On 5/18, I posted a review of How to Shop for Free, and updated it with the results of my first trip to CVS pharmacy. Well, today I made another conscious shopping trip to CVS, and am butting in out of turn to tell you what happened.
Pre-savings, my total was $161.
Post in-store savings, my total was $121.
Post coupons and extra care bucks, my total was $96.
AND I got another $23 in extra care bucks toward my next shopping trip.
What did I come home with?
- 1 bottle of Listerine Total care
- 1 bottle of Listerine Zero
- 1 Colgate 360 toothbrush
- 1 bottle of Sally Hanson all-in-one nailpolish (coral)
- 1 tube of Sally Hansen Vita-E lip soother
- Garnier puffy eye soother
- Garnier eye cream stick thingie (Sorry–the receipt’s not in front of me, so I’m going from memory)
- Garnier cleanser
- 2 bottles of Nivea lotion
- A bag of Caltrate calcium chews
- 2 bottles of Advil liqui-gels
- 2 8-packs of Bounty paper towels
- 3 packs of Stride gum
- a box of non-drowsy Claritin
I was a little dismayed that it was still so much money, but then I had to put it into perspective. First of all, nearly everything was on sale. Second of all, with my addiction to Clarins skin care products, I’d have spent that much on one or two items alone. Third, my husband needs the Claritin for when he’s traveling, and even on sale and with coupons that stuff’s expensive. Fourth, it was still $50 off the initial total, and if you count the $23 in extra care bucks for my next trip, That makes a grand total savings of $73.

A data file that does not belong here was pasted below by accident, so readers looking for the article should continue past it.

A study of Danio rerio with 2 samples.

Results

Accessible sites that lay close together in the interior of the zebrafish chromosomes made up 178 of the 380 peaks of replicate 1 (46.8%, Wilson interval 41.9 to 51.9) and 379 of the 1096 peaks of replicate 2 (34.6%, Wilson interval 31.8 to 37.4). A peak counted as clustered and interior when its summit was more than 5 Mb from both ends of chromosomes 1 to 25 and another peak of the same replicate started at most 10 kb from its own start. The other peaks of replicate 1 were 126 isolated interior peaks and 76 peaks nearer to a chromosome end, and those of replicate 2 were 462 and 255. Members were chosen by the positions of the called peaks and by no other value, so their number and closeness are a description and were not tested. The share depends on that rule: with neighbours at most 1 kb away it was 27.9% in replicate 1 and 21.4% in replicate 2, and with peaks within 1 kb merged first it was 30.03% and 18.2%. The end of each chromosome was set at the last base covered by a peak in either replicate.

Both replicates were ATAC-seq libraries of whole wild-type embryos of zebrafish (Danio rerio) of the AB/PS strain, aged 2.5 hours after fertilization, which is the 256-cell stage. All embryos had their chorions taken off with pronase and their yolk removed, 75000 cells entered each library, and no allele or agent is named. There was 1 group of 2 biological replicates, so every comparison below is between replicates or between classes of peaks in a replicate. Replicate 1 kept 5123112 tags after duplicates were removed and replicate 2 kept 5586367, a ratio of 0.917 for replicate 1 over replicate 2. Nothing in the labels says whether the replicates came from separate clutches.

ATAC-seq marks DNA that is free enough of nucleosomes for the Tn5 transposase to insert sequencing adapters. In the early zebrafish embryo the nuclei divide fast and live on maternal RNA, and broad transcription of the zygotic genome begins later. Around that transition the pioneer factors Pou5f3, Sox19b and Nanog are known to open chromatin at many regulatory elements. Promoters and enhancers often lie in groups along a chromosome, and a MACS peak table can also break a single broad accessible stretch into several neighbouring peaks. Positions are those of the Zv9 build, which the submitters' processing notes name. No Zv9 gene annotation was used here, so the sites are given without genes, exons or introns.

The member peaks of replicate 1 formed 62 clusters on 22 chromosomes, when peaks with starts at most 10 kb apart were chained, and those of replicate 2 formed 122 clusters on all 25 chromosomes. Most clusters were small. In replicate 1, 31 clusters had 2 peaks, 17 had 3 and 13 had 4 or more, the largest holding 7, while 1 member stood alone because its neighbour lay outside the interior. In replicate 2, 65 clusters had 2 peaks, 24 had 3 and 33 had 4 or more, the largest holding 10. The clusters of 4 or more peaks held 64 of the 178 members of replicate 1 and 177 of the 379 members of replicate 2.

Not too shabby, eh?
So here’s what I’ve learned since I’ve started shopping for not free, but really trying to maximize the savings:
- Cut out ALL the coupons, even the ones you think you won’t use. If you happen to go down an aisle and see some products you’re not going to purchase, do a favour to the next shopper, and stick your coupons by the product. I scored this way when someone did the same for me: Target had a special going on with Starbucks bottled frappuccinos (the “lite” ones, only 100 calories per bottle)–if you bought 2, you’d get a $5 Target gift card. They were around $5.86 a pack, and someone had kindly inserted a $1.50 coupon in one of the packs. So I paid $11.72 before the coupon, then saved $1.50, then got $5 back in a Target gift card, so it was a net cost of $5.22 for two packs, which was less than the original cost of 1 pack.
- Find a method of organising your coupons that works for you. I got a plastic sorter thingie from Office Depot, and have them sorted alphabetically by brand name.
- Plan some time once or twice a week to cut out the coupons and go through the grocery store and drugstore ads. Figure out what you need, what you have coupons for, and how to maximize it. For example, one store out here does double/triple coupons, so a coupon that is less than 50 cents off I will likely use at that store so that I’d get $1 off. But a sale going on at a drugstore could mean that I would actually save more money by purchasing the item there and using the coupon.
- Share the wealth. I’m obviously so not there yet, but once you get to where you’re able to get things for free or close to free, drop them off at a food bank or a homeless shelter.